View From Highbury: Wenger vows to revive Gunners

Arsenal's manager is hampered by defensive frailties and a lack of cash but is confident of success

Despite being the FA Cup holders, Arsenal begin the season potless. The financial constraints have been all too visible this summer: £7.5m in losses in the past six months, £45m in debt and stalled progress over the new stadium at Ashburton Grove which will cost, and this is now a conservative estimate, a staggering £400m. Added to that is the realisation that Arsène Wenger's supposed £10m kitty for transfers has probably simply gone on covering the not inconsiderable wage demands of some of his top players - not least Patrick Vieira. The wrangling over the captain's contract has been a constant irritation and is in marked contrast with the deliberate alacrity shown by Thierry Henry in securing his new deal.

Football agents are notoriously self-interested barometers, but talk to any about Arsenal and they all say one thing - no point dealing with them at present because they simply do not have the money. "You only have to look at the goalkeeper they signed, Jens Lehmann [from Borussia Dortmund for £1.5m] to see that," says the agent Barry Silkman who has been closely aligned to free-spending Chelsea this close season. "He was not their first choice, or their second or third. And I would be surprised if Wenger believes he is starting with a defence he is happy with."

Yes, that defence. The feeling persists that the best thing to take Arsenal forward is their forwards. Vieira, Henry, Robert Pires, Fredrik Ljungberg and, still, Dennis Bergkamp can show an irrepressibility about their attacking even if doubts persist whether it is at all sustainable. At the back Martin Keown is 37, Pascal Cygan performs as if he is even older, Sol Campbell still makes mistakes as does, with even greater frequency, Ashley Cole, while Lauren is simply not a defender and Igor Stepanovs is, for many fans, simply not a footballer.

Wenger recognises the problem. Forty-two goals were conceded in the league. "Our defensive record was simply not good enough," he says. "Unfortunately we lost Campbell, Vieira, Cole in positions where we lacked cover. We couldn't replace Cole, and at the decisive stage we dropped some points, against Aston Villa for example." Now he has the 18-year-old Gael Clichy while even more promising is the Swiss centre-half Phillipe Senderos, also 18, whom Keown has called the "next Tony Adams". But still no experienced defensive cover.

Youth is a contentious issue at Highbury, not least for the perception, possibly valid, that Wenger has been distrustful of a crop of young talent and has paid the price with a squad that lacks depth. Many fans would, for example, have been happy to see Stuart Taylor given a chance in goal and the cash invested elsewhere. Other young talents who may be given their head are Ryan Garry, Jermaine Pennant, Jeremie Aliadiere and the richly talented David Bentley. Wenger is publicly bullish about their prospects and about those of his club's. After all they have won three of the four main domestic trophies in the past two years.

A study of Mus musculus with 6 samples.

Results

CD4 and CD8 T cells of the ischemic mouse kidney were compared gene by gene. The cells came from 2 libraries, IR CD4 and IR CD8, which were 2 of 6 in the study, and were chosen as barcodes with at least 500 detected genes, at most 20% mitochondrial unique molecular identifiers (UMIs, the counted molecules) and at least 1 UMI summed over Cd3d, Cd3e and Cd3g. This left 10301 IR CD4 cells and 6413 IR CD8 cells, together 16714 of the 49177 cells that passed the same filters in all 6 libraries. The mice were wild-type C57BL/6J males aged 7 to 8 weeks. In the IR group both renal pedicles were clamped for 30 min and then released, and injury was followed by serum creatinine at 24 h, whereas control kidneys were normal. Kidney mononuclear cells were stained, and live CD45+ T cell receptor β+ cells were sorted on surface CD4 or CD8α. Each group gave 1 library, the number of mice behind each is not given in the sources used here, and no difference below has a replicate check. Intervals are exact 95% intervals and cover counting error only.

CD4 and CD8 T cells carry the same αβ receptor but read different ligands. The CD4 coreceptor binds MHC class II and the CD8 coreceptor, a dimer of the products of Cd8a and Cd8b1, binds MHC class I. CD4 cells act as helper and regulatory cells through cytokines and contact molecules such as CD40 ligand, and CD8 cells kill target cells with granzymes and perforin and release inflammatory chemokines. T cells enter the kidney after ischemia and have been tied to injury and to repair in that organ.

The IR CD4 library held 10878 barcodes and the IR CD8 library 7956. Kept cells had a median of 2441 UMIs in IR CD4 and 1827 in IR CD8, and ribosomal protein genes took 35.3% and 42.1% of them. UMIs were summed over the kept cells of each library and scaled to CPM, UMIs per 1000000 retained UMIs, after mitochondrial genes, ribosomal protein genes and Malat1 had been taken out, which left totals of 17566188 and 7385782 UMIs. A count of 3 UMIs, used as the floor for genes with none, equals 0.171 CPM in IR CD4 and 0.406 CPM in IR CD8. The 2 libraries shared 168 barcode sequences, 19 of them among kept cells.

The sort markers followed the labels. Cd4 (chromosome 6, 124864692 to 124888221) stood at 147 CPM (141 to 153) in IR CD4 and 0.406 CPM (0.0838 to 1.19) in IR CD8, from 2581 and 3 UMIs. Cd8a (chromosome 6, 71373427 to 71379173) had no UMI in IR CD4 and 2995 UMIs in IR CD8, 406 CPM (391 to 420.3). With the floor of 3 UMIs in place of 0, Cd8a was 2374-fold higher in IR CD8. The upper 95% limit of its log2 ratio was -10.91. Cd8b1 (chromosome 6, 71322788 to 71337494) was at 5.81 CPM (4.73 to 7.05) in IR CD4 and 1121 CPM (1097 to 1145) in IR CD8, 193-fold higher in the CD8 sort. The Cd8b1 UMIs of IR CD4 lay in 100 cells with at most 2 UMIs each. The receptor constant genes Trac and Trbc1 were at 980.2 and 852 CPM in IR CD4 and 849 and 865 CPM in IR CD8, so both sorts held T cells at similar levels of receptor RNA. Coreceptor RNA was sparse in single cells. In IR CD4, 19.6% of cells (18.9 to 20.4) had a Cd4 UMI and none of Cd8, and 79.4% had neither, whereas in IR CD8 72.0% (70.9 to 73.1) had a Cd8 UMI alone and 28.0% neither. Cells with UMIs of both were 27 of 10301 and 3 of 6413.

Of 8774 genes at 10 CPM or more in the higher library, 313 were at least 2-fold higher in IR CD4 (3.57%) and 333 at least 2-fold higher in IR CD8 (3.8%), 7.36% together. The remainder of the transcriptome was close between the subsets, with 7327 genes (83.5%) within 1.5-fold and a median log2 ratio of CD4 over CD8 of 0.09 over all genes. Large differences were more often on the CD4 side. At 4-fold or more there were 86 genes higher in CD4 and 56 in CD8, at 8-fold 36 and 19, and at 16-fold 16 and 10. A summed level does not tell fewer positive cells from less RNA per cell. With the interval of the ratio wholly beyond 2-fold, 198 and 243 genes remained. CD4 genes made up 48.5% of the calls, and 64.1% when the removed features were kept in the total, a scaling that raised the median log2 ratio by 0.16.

An intelligent man, he has also attempted to use the financial situation to his advantage. "We've won the title twice and been runners-up four times in the past six seasons and we've never spent £60m or £70m. Money gives you a good chance to be successful, but there are other ways to do it without spending so much. We have shown that."

Wenger never has been a big spender - his most expensive signings, such as Sylvain Wiltord at £11m - have often been his most unconvincing. There are also grounds to hope that the financial straits are easing. The £130m kit deal with Nike has helped and it is thought an agreement may well have been reached, at last, with banks to cover the new stadium even if there is also a growing belief that Arsenal will take the sensible option and attempt to ground-share at the new Wembley. Nevertheless, work begins again at Ashburton Grove next month.

"We need to get the finance in place for that," says Wenger who has invested much of his own future in the frustrating and bloated project. "When we do, we will be all right. If we get it, the team won't suffer. If we don't, the club will face a critical decision. What will we do?"

What indeed will Wenger do? Although Vieira and Pires have signed new contracts it is unlikely they will see them out. Other players are disgruntled at both the deals on offer to the big names and the way they have been named as makeweights in ill-fated transfers. Wenger takes great store in the fact that he has never reneged on a deal although he has not shown any desire so far to extend his current one at Highbury. That has only a limited time to run and the feeling persists that Carlos Queiroz is only a locum at Real Madrid.

A revival is needed, just one year after Wenger's vainglorious statement that his team would dominate English football. They may do again. Defences are less important in the Premiership especially if the attack can be re-ignited. Any hope of taking that success into Europe should be cautioned against, however. Teams are not so naïve there.

The residual disappointment of losing the championship last May was evident at last weekend's Community Shield match. So, too, were the rows of empty seats in the Arsenal end which, notwithstanding the explanations offered up by the club, suggest a lack of hunger among the faithful. Wenger must whet the appetite again - of players, of fans and of the club's directors. It is a tall order and may be, at present, an unattainable one.

But another thing was clear in Cardiff. Despite Manchester United's victory on penalties, nothing was actually settled. Sir Alex Ferguson - and Claudio Ranieri - despite their wealth and well-placed optimism know that.